In 2013, just one year after InfoAmazonia was founded, the DW Akademie held a meeting on journalism and innovation. It brought together professionals from Latin America and Germany. It was a fun-filled and, of course, inspiring week. Some friendships were born there, and I believe that none of us lost sight of those projects at that meeting.
A few months ago, I thought of this event when Steffen Leidel and Julia Wegner from DW Akademie and Benson Githaiga from the Aga Khan University Media Innovation Centre asked me to reflect on my experiences raising funds for journalism projects. I confessed to them that I had never done such a reflection, but it was precisely the memory of those conversations in Buenos Aires in 2013 that came to inspire me.
I thought mainly about the importance of looking at your project in the long term, of considering an idea at the beginning of a path that can be very difficult (not to say impossible) to know where it will lead.
Patience is key
As I consider this long journey, here are two of the first lessons I can share. First, be patient and be ready to recalculate the route! Follow your ambitions with determination, be faithful to the vision of your project, to its essence. But be flexible to absorb ideas and suggestions from your allies.
In 2013, when I was at the DW Akademie meeting in Buenos Aires, I treated my project very differently. I thought, together with my colleagues, especially journalists James Fahn and Juliana Mori, with whom I had conceptualised it from the beginning, that everything would be nothing more than a data visualisation platform and digital maps.
Today, ten years later, maps and data are still an essential part of what InfoAmazonia does. However, the project has matured into a non-profit organisation with many other activities. As a member associated with this institution, I can say that InfoAmazonia is much more aware of its mission.
Today, I notice that the original idea is still represented in the organisation’s core. But that the organisation itself does many things differently than we had imagined. Apart from data visualisation projects, we make documentaries, investigations, varied reporting, and plural alliances with civil society.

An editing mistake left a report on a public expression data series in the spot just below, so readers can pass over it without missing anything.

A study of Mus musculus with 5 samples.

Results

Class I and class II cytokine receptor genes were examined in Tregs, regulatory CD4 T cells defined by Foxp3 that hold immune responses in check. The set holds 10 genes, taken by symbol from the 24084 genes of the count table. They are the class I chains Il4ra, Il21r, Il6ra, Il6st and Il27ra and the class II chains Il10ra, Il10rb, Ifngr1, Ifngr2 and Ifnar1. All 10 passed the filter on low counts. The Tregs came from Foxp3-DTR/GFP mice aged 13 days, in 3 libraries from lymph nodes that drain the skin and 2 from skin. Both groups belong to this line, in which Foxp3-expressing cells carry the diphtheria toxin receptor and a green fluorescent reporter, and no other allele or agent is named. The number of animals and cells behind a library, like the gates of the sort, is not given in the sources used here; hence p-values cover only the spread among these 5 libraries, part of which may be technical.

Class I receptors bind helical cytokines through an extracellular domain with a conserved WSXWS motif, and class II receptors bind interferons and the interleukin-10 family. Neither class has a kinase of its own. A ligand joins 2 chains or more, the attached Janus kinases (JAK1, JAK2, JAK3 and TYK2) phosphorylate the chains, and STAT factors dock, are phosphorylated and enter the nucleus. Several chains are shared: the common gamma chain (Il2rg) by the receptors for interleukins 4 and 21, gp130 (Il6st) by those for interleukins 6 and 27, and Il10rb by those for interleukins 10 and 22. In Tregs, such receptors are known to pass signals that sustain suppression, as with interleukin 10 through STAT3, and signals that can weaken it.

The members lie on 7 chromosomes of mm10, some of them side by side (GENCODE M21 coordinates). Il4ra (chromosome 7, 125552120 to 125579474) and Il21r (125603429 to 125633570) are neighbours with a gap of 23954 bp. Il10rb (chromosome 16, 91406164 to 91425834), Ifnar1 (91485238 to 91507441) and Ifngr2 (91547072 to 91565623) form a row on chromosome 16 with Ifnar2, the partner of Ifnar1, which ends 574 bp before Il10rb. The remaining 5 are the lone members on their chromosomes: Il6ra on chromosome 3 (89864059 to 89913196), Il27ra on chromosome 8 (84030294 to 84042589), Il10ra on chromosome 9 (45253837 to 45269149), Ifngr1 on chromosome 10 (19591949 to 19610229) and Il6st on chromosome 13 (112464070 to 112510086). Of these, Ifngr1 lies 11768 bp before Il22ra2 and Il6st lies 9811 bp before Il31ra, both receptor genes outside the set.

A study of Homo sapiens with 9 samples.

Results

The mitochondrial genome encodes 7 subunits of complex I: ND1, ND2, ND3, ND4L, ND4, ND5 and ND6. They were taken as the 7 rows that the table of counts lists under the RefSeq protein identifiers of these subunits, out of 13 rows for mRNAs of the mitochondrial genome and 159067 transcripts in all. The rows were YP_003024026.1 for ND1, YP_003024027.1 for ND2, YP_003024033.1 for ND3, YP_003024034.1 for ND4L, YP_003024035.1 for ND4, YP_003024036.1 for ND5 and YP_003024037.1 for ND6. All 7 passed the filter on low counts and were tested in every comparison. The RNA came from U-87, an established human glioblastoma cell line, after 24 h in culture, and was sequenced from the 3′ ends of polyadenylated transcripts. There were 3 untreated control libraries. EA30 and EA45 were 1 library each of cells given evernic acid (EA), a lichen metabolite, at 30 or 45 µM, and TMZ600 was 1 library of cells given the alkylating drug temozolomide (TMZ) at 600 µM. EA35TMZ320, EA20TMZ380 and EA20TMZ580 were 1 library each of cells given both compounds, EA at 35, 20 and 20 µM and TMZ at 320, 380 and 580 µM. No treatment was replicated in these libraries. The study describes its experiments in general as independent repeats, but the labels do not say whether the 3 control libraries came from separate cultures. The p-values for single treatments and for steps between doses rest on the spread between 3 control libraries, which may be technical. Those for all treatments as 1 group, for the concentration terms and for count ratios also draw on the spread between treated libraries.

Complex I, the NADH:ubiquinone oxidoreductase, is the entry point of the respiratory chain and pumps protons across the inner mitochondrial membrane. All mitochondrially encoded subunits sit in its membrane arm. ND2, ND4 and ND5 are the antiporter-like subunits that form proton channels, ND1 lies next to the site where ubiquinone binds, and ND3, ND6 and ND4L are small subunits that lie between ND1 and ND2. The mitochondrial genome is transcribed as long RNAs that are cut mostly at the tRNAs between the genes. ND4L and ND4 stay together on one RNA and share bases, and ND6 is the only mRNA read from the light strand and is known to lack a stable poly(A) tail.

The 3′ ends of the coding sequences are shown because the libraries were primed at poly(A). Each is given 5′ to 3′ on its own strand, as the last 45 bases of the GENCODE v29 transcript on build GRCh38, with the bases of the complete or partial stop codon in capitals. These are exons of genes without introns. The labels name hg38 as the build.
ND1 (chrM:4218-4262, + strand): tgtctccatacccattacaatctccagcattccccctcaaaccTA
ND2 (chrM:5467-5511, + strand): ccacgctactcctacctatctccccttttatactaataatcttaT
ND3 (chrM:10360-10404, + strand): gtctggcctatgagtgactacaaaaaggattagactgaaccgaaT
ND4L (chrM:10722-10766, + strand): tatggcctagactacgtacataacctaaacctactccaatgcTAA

While your organisation must be ready to explore the paths your partners offer, this coherence in telling your story to a donor can be the key to success. This little story with a beginning, maybe some middle ground, but certainly an end to be reached helps a lot to understand the logic behind your ambitions. After all, why would you want to turn your ideas into something concrete? What is your contribution?
One thing that makes me very happy about InfoAmazonia is that (at least) in narrative terms, this is a very sustainable organisation! What I mean is once we were able to launch the first version of the project in 2012, other members joined the team, and among their capabilities is communicating the goals of InfoAmazonia and seeing partnership opportunities.
One of the people on the team that I am very proud to talk about is journalist Stefano Wrobleski. He joined the project as a reporter in 2015. Since then has embraced the narrative about the fundamental contributions that the organisation can make to society. Today as director of InfoAmazonia alongside co-founder Juliana Mori, he acts on the frontlines to establish new partnerships.
Stefano is also the Geojournalism Coordinator for Earth Journalism Network, working directly with another InfoAmazonia co-founder, James Fahn. In this role, he has become an articulator of a network of professionals worldwide who, like InfoAmazonia, believe in using geographic data as a powerful narrative tool to tell the tremendous environmental transformation we are going through these days. So he helps organisations such as InfoCongo and InfoNile to benefit from technology updates, training and other possible collaborations.
So, as contradictory as it may seem, upon reaching its tenth anniversary, InfoAmazonia is different: it has grown but still remains the same.
To better explain this contradiction – of being different and yet the same – I need to use a cliché, a cliché that, not by chance, has a lesson for us. Test the minimum viable product!
I can highly recommend this: try out different aspects of your ideas, like we try out bifurcations on a trail in a mountain or forest.
The main reason for testing is to allow yourself to mature. It doesn’t mean that your thoughts are not at the advanced stage or that the idea has not been thought through properly. On the contrary! It may be complete, but it just can’t find the conditions to execute at once.
So the model, the sketch, the script, the teaser, in short, what we can call the prototype, can be a good start for the realisation of innovation.
Back to the 2013 DW Akademie meeting in Buenos Aires. I was very touched by media innovators from East African countries who illustrated the spirit of leaving a mark, of building something to last with their ideas. During an afternoon of conversation, I shared a proposal on how to “find your voice” when doing grant writing.
My main point is that no one sits down to write proposals, only to seek money. There’s an idea, a vision, an important goal, the need for impact, and last but not least, the need for change.
Gustavo Faleiros is Pulitzer Center’s Environmental Investigations Editor and the co-founder of InfoAmazonia.